The Historic: Monaco’s 2-week Gift to Motor Racing Nirvana
By Nicholas Frankl
1997 saw the beginning of a very special tradition - The Historic Grand Prix of Monaco. Run on the very same streets as the annual F1 race, the Historic sought to recapture the magic of a bygone age, when racing cars traveled with an on-board mechanic, gentlemen raced and racers were gentlemen.
Since that first original magic weekend, one which I shall always remember for two principal reasons, the first being a woman, as I was with my very beautiful Argentine girlfriend at the time and, second, on the Saturday we enjoyed a fabulous lunch for four at the Automobile Club (ACM) with Mika and Erja Hakkinen. Mika was still a year away from his first of two World Championships and we agreed the weekend was one of the most enjoyable automotive experiences the world had seen; even Bernie Ecclestone was running about in blue jeans and a denim shirt.
Now a bi-annual event, The Historic has grown and flourished into a pilgrimage for those with insanely amazing vintage cars and equally large bank balances not to mind too much if the pride and joy ends up in the Armco, as can occasionally and painfully happen. Split into different racing years, all the makes are there; Maserati, Ferrari, BRM, Bugatti, ISO, Lotus, Cooper, McLaren. Many of the drivers compete actively in the Historic racing series around Europe and the States. You’ll find many familiar cars and faces if you regularly frequent the Rolex Cup at Sears Point or the Goodwood Festival of Speed.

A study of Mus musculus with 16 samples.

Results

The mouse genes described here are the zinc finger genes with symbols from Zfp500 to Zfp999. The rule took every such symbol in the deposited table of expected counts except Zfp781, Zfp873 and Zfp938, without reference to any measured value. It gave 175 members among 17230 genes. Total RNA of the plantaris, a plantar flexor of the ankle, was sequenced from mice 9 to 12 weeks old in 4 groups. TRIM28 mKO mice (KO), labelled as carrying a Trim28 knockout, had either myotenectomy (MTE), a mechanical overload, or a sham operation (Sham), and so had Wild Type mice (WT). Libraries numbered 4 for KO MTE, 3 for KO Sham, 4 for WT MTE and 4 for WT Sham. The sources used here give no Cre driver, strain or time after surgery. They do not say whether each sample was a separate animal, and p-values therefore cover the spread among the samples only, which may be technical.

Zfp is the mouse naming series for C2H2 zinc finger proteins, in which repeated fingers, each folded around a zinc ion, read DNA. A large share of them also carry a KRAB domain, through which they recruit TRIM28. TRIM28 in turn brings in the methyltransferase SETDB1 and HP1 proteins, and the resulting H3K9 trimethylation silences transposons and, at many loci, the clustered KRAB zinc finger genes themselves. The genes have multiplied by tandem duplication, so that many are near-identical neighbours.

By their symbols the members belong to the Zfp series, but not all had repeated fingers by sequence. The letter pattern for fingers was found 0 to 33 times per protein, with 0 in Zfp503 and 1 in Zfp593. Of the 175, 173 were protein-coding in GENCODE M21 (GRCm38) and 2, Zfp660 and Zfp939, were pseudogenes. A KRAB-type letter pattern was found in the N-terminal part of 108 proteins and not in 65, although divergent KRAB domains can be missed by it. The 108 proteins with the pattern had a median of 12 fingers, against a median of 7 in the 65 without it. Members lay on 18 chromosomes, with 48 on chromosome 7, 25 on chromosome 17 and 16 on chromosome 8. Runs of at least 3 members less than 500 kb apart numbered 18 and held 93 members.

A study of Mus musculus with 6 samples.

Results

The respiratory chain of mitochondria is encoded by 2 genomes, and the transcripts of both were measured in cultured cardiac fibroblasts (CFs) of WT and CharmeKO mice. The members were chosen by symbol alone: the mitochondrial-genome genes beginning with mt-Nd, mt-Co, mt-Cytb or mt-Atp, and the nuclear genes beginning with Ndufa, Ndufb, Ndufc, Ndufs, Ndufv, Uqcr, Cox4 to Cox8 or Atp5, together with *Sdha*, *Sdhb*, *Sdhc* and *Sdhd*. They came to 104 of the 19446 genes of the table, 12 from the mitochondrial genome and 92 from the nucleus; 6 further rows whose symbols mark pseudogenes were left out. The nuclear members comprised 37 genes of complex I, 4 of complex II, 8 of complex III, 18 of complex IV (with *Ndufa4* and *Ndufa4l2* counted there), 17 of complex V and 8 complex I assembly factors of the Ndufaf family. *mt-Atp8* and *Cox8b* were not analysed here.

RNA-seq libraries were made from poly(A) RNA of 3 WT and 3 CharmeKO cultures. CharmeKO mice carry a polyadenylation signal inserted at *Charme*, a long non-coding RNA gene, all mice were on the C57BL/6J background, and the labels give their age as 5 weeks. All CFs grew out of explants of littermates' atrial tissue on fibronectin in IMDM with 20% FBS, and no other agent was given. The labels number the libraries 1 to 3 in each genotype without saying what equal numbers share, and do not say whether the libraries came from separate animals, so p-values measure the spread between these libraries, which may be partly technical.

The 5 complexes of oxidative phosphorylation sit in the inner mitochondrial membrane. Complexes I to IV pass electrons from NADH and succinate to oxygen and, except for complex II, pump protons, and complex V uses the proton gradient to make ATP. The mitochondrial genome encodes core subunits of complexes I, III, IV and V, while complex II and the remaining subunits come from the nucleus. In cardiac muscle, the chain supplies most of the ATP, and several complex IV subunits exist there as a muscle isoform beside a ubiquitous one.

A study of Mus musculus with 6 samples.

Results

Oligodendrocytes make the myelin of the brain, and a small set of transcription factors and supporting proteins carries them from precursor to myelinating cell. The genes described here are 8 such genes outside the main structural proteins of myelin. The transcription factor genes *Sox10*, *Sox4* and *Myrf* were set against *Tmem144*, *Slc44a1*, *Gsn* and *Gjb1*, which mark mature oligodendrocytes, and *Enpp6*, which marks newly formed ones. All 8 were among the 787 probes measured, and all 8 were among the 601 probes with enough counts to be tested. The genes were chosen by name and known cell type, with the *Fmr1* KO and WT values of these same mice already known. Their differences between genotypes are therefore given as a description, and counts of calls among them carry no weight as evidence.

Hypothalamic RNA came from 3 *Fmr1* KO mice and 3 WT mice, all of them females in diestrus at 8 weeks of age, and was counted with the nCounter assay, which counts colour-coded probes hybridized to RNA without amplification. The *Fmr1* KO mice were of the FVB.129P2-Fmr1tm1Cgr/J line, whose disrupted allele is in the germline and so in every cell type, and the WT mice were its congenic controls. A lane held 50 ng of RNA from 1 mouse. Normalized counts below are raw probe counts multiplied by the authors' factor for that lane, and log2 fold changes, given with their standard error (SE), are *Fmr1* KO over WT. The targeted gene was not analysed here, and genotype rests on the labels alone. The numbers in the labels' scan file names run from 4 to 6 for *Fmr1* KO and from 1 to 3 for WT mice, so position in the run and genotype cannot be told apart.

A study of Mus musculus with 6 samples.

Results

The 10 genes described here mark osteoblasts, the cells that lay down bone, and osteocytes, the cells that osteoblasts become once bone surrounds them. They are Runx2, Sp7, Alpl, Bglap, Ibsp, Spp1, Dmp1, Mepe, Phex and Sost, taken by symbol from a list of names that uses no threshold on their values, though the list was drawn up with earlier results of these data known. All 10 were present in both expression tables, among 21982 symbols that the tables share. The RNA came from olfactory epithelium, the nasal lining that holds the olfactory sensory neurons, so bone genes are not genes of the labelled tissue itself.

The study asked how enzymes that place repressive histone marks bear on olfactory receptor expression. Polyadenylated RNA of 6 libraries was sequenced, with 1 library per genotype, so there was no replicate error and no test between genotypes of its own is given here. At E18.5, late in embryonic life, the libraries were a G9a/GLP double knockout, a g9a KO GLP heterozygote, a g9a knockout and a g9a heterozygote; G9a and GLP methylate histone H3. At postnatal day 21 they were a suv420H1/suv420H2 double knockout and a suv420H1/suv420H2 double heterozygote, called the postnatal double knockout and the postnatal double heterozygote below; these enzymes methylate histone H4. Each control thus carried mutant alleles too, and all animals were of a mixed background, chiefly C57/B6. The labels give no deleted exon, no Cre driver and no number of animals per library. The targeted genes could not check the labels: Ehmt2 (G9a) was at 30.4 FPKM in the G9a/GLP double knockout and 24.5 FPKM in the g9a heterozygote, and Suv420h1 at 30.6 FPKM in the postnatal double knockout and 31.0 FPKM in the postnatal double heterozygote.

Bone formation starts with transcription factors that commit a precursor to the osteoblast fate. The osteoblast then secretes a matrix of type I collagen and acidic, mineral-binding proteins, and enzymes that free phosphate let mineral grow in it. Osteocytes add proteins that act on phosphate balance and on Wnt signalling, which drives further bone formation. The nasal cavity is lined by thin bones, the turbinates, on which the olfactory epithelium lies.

Of course the racing on the Sunday was absolutely thrilling; listening to and smelling these magnificent machines, Castrol R running through their veins, many in absolute or near absolute original condition, is just too glorious. The organization is excellent with the races lined up and ready to go consecutively, and in between the ACM allowing pass holders to get rides in assorted racing Renaults and the like around the actual circuit. I suggested to my driver that maybe he needed a break – and I could assist with the driving - he smiled and muttered a firm NON!
The best performances came from the final race featuring F1 cars (1967 – 1977) and the Vintage Ferrari F1 ‘display’. Those guys weren’t hanging about, with the famous six-wheeled Tyrrell (running on specially hand-made Avon tires) dicing it up with the Chevron of Frank Sytner. The F1 Ferrari parade consisted of cars from each of the decades. It made for interesting driving as Lauda’s 312-T’s and Gilles Villeneuve’s 196 B ran with the 2000 Schumacher and ’90 Prost cars. Of course the turbo cars roared, but the V-12’s just made you ache for a return (fat chance) of that famous high pitch scream. Surely one of the greatest noises ever created by man and machine.
By Sunday evening, the new pits and circuit extension had been opened, initiated and given a royal seal of approval. The Laurel wreaths and trophies awarded and the cars packed up to make way for the F1 circus. As Phil Hill, a man who needs no introduction, and certainly one with a sense of historical perspective noted, “If I can keep coming back here and racing for as long as possible, then life is still pretty good, right?’ I couldn’t agree more Mr. Hill.